BBC BASIC programs are tokenised, that is, BASIC keywords are stored as one-byte values. This results in programs which execute faster and are more compact.

A tokenised line can easily be detokenised, or expanded, as there is a one-to-one mapping between token values and the expanded string. For example, code similar to the following would expand a tokenised line:

          IF (?addr%<128 AND ?addr%>31) OR quote% THEN VDU ?addr% ELSE P.token$(?addr%);
          IF ?addr%=34 quote%=NOT quote%
        UNTIL ?addr%=13

Tokenising, however, is more fiddly. Tokens can be abbreviated on entry and characters are only tokenised at certain parts of the line. For instance, in the following line:

        ON NOON GOTO 1,2

the first 'ON' is the token ON, but the second 'ON' is part of the variable 'NOON'. The second 'ON' must be left untokenised.

The EVAL function tokenises the supplied string and evaluates it as an expression. Usefully, the tokenised string can be retrieved from where BASIC has stored it.

In Windows BASIC:


This code may fail if an event interrupt (e.g. ON TIME) occurs between the two statements. To avoid this use the following alternative which (in BBC BASIC for Windows version 6 only) does not allow an intervening interrupt:

        IF EVAL("1:"+A$) token$=$(!332+2)

The input and output share the same memory buffer, which is OK so long as the tokenising process shortens the code (which is almost always the case) but can cause a crash if it lengthens the code. That can happen only in exceptional circumstances such as the following code:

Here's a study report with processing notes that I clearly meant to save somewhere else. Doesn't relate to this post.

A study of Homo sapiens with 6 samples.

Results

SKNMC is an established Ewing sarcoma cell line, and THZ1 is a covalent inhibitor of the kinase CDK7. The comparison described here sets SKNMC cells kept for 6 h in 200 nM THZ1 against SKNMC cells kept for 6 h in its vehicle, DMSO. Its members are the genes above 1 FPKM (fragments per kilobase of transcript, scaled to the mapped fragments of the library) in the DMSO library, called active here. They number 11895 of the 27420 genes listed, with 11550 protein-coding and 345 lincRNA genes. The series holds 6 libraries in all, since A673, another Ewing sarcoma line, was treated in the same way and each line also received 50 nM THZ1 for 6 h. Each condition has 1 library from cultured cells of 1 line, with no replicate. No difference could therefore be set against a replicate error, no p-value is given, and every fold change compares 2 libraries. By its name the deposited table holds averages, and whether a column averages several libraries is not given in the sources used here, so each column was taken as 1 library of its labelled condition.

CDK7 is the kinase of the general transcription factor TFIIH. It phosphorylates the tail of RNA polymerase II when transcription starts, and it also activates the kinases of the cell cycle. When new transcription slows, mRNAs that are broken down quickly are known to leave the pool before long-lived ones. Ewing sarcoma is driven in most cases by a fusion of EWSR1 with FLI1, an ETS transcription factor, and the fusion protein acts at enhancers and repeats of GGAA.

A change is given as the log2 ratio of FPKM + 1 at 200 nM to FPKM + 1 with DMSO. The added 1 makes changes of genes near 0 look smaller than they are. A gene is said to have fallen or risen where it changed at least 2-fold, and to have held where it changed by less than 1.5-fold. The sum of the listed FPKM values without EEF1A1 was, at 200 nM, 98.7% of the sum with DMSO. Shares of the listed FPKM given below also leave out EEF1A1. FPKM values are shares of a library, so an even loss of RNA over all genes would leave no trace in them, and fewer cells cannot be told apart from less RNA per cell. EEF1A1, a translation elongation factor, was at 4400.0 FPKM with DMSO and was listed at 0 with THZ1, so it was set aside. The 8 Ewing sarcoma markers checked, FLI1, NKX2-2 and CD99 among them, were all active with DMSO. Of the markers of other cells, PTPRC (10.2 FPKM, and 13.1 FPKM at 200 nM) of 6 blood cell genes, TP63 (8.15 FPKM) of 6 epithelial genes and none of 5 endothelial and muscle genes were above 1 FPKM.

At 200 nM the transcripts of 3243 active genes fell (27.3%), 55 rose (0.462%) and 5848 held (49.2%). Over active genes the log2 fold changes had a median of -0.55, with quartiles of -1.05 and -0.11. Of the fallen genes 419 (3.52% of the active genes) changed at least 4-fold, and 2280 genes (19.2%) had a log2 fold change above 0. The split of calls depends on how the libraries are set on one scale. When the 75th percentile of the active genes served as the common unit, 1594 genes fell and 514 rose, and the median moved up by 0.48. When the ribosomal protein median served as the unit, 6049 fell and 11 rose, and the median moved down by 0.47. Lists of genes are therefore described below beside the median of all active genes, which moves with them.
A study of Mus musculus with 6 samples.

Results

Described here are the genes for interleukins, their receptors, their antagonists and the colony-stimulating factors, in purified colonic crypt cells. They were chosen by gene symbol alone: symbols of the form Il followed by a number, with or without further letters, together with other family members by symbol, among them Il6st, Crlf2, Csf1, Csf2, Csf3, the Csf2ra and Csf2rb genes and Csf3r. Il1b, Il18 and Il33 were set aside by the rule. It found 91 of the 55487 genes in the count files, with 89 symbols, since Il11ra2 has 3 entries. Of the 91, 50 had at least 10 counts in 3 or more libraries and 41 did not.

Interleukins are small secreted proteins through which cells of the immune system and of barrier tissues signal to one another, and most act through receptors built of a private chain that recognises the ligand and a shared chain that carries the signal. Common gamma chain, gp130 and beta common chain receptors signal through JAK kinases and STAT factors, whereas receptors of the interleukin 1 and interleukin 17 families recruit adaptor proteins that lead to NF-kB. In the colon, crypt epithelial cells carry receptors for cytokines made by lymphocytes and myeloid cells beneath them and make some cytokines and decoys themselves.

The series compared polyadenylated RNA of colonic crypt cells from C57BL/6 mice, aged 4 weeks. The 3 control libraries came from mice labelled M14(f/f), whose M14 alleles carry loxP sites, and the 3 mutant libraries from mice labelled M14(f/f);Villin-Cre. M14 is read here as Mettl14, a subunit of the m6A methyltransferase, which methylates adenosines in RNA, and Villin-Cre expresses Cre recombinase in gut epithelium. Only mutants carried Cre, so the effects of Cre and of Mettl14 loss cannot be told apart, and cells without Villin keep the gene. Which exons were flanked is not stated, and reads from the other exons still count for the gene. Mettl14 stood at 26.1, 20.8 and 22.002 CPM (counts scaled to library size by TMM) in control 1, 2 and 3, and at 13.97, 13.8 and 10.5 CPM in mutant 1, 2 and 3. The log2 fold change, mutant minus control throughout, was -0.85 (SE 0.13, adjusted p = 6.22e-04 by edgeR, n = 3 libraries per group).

ON A% GOTO 10,20,30,40,50

The tokenising process encodes the line numbers in a special internal format which results in the overall length increasing from 25 to 31 bytes. To reduce the chance of this causing a crash the tokenising routine can be adapted as follows:

        IF EVAL("1RECTANGLE:"+A$) token$=$(!332+3)


        SYS "XOS_GenerateError",0,STRING$(255,"*") TO ,A%

In 6502 BASIC:

        token$=$((!4 AND &FFFF)-LENA$-1)

By preceding the code you want to tokenise with “0:” you can safely pass it to EVAL without provoking a Syntax error. You can then extract the tokenised code from memory, so long as you do it immediately after calling EVAL.

This can be written as functions as follows:

        DEF FNTokenise_Win(A$):LOCAL A%,B%
        WHILELEFT$(A$,1)=" ":A$=MID$(A$,2):ENDWHILE
        DEF FNTokenise_ARM(A$):LOCAL A%,B%
        SYS "XOS_GenerateError",0,STRING$(255,"*") TO ,A%
        DEF FNTokenise_65(A$):LOCAL A%
        A%=EVAL("0:"+A$):=$((!4 AND &FFFF)-LENA$-1)

These functions are used in full in the 'Tokenise' BASIC library at

A text file can then be tokenised using the following code:

      line%=1                                  :REM Start from an arbitary line number
        line$=FNTokenise_Win(GET$#in%)         :REM Read line and tokenise it
        BPUT#out%,LENline$+4                   :REM Output line length
        BPUT#out%,line%:BPUT#out%,line%DIV256  :REM Output line number
        BPUT#out%,line$;:BPUT#out%,13          :REM Output line and <cr>
        line%+=1                               :REM Increment line number
      UNTIL EOF#in%
      BPUT#out%,0:BPUT#out%,&FF:BPUT#out%,&FF  :REM Output program terminator


Acorn BBC BASIC programs are stored slightly differently. See Format and relevant pages on Acorn-specific sites for details.

This technique may fail if the tokenised code is longer than the original text version, which can happen if it contains an ON GOTO or ON GOSUB statement. This problem may be mitigated to some extent as follows (for Windows BASIC):


See also

Using the tokeniser on BeebWiki for details of using the tokeniser on 6502, Z80, 32000, ARM, DOS and Windows BASIC.


Richard Russell, “Using the tokeniser”, BBC BASIC for Windows Yahoo! group message 86.